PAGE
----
OpenJurist

109 US 232 Alabama Gold Life Ins Co v. Nichols

109 U.S. 232

3 S.Ct. 120

27 L.Ed. 915

ALABAMA GOLD LIFE INS. CO.
v.
NICHOLS.

November 12, 1883.

P. Phillips and W. Hallett Phillips, for plaintiff in error.

Jos. H. Bradley and A. B. Duvall, for defendant in error.

WAITE, C. J.

1

In this case a verdict was rendered against the plaintiff in error for $6,610, and a judgment entered thereon December 9, 1879. In the verdict was included, for damages, $600; attorney's fees, $500; and interest, $510,—in all, $1,610. The next day, December 10, 1879, the defendants in error appeared in open court and 'entered a remittitur' of these amounts, 'leaving the amount of said judgment to be for the amount of five thousand dollars and costs of suit.' Upon this being done a new judgment was entered 'that the plaintiffs have and recover from said defendant the sum of five thousand dollars, and also all costs about this suit incurred as of the date of said judgment, and have execution therefor, instead of the sum of six thousand and six hundred and ten dollars, and also all costs about this suit incurred, as in said judgment is recited.' This writ of error was brought on the eighth of January, 1880, to reverse the judgment so entered. The defendant in error now moves to dismiss the writ because the value of the matter in dispute does not exceed $5,000. The judgment as it stands is for $5,000 and no more. The entry of the tenth of December is equivalent to setting aside the judgment of the ninth and entering a new one for the amount remaining due after deducting from the verdict the sum remitted in open court. There was nothing to prevent this being done during the term and before error brought. The judgment of the tenth is therefore the final judgment in the action.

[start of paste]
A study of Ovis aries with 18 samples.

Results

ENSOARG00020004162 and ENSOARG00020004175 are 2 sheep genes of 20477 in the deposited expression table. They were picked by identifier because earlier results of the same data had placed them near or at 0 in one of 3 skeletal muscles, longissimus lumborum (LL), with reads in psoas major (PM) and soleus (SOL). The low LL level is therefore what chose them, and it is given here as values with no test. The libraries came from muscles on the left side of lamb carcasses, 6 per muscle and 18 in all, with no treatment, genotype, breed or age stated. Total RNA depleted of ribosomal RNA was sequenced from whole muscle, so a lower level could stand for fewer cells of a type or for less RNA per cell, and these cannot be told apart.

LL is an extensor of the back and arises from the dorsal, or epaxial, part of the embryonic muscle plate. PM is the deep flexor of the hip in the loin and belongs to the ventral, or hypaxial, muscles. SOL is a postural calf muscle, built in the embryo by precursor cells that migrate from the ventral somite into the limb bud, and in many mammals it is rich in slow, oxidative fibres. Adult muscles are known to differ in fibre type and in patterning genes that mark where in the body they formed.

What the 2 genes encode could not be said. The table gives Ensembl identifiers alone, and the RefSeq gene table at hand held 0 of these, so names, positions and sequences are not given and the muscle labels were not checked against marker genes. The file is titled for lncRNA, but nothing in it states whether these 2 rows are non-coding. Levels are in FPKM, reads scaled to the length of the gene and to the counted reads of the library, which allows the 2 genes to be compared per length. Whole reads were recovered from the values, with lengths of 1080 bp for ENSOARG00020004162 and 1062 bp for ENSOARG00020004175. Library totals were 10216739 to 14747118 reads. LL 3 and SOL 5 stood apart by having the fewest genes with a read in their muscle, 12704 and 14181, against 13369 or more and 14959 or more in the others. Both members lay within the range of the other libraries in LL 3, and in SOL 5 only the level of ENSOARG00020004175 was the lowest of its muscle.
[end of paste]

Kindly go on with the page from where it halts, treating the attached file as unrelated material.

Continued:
2

In Thompson v. Butler, 95 U. S. 696, it was said:'Undoubtedly the trial court may refuse to permit a verdict to be reduced by a plaintiff upon his own motion; and if the object of the reduction is to deprive an appellate court of its jurisdiction in a meritorious case, it is to be presumed the trial court will not allow it to be done. If, however, the reduction is permitted, the errors in the record will be shut out from our reexamination in cases where our jurisdiction depends on the amount in controversy.'

3

Articles 1351 and 1352 of the Revised Statutes of Texas are as follows:

4

'Art. 1351. Any party in whose favor a verdict has been rendered may in open court remit any part of such verdict, and such remitter shall be noted on the docket and entered in the minutes, and execution shall thereafter issue for the balance only of such judgment, after deducting the amount remitted.

5

'Art. 1352. Any person in whose favor a judgment has been rendered may in open court remit any part of such judgment, and such remitter shall be noted on the docket and entered in the minutes, and execution shall thereafter issue for the balance only of such judgment, after deducting the amount remitted.' Rev. St. Texas, 1879, pp. 211, 212.

6

Without deciding what effect these statutes will have on our jurisdiction in cases coming up from that state, if the amount is remitted after judgment without any action thereon by the court other than noting on the docket and entering on the minutes what has been done, we are of opinion that it is within the discretion of a court of the United States, sitting in that state, if a plaintiff appears in open court and remits a part of a verdict in his favor, to make the proper reduction and enter judgment accordingly. That was the effect of what was done in this case, and the rule established in Thompson v. Butler, supra, applies.

7

The motion to dismiss is therefore granted.